Price reductions continue to blight prime London market

More than 60% of sold properties in South Kensington are being reduced prior to a deal being agreed, compared to 37% in Mayfair & St James’s says LonRes.

View of street with restored elegant Victorian Edwardian luxury houses in the exclusive area of South Kensington, London, UK

Price reductions continued to blight the London prime sales market last month as house price growth in the capital remained negative with sales values in May 2.8% lower than a year earlier, latest data from LonRes reveals.

Transactions were also 14.8% lower than a year earlier with the fewest sales in the month of May since 2017.


However, the number of properties going under offer increased, up 4.1% compared to the same month last year. And new instructions also rose by 12.1% on an annual basis, which is 10.8% higher than the 2017-2019 (pre-pandemic) May average.

Table showing monthly prime London data from LonRes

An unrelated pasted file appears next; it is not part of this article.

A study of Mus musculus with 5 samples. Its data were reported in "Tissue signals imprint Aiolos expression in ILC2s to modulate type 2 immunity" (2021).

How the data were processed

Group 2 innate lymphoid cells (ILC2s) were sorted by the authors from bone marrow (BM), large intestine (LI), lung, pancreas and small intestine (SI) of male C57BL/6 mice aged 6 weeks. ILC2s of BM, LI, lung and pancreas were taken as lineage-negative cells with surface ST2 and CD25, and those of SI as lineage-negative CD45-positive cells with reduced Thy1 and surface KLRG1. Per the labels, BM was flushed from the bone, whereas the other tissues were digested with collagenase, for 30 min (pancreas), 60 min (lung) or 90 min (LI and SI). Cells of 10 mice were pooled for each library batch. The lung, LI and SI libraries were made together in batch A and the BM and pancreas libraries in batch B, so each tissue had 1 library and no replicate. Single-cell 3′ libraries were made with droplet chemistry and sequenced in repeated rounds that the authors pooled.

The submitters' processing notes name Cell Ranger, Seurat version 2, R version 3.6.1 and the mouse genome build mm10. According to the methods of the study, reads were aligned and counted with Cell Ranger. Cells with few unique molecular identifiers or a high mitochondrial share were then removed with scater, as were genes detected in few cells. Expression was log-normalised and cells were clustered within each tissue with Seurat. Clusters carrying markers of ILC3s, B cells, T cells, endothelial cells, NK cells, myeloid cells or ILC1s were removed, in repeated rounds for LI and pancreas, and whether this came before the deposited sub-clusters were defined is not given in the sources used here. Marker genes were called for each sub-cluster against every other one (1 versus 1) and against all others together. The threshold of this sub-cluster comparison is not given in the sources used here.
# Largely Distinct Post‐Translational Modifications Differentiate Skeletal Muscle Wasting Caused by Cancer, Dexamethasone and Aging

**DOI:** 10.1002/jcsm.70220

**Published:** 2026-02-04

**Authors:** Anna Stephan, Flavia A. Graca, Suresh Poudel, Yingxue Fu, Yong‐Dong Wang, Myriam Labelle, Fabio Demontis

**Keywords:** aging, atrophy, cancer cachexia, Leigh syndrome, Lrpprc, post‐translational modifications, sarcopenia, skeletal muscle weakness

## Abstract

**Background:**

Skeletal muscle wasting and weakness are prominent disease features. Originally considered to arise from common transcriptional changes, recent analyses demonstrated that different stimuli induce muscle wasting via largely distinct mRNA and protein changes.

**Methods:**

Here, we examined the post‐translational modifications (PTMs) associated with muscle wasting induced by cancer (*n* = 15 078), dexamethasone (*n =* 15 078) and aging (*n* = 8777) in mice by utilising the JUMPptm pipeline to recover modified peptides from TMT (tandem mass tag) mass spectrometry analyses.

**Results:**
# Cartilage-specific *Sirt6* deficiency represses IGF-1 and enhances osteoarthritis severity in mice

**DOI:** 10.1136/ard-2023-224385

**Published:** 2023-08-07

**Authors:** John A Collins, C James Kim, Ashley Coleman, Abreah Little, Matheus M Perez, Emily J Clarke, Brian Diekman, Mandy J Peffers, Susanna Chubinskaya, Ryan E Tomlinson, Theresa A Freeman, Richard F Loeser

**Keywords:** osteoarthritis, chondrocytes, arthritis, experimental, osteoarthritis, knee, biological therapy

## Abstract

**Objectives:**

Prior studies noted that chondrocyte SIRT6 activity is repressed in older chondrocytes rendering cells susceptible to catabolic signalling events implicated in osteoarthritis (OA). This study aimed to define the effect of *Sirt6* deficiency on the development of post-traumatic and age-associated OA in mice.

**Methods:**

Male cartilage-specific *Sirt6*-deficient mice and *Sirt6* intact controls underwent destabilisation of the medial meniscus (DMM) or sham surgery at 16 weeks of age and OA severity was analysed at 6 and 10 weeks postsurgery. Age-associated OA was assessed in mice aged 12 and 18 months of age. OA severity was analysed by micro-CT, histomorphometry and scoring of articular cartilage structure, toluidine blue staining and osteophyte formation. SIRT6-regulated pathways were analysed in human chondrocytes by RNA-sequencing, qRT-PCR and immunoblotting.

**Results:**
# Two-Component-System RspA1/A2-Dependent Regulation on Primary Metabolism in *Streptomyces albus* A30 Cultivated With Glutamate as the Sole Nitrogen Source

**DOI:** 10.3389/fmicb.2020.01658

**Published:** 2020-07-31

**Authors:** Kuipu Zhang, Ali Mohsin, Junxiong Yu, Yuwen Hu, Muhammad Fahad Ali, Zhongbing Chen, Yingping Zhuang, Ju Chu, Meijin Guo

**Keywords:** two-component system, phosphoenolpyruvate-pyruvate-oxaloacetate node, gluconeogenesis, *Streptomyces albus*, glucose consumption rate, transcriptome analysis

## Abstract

The latest data also shows significant variation between areas in terms of current levels of price reductions, with more than 60% of sold properties in South Kensington (main picture) being reduced prior to a deal being agreed, compared to 37% in Mayfair & St James’s.

In lettings rental growth was just 1.1% – the lowest rate since August 2021, but values are still 28.3% above their 2017-2019 (pre-pandemic) average.

LonRes data for May also indicated an annual increase of 4.7% in lets agreed and a 4.3% increase in new instructions but activity on both measures continues to run well below pre-pandemic levels.

Nick Gregori, LonRes
Nick Gregori, Head of Research, LonRes

Nick Gregori, Head of Research at LonRes, says: “May saw more of the same for the prime London sales market, with values broadly static and activity relatively subdued, as has been the case for much of the year.

“Demand for homes is still out there but is tending to be price sensitive. Motivated vendors understand this and we are seeing asking prices being reduced in greater numbers than usual.

“The upcoming election dominates the news at the moment but historically the housing market has tended to shrug off any impact from previous votes.

“Some buyers and sellers, including potential ones, remain cautious but this is as much about the economy as politics, waiting for better growth figures and interest rate cuts.”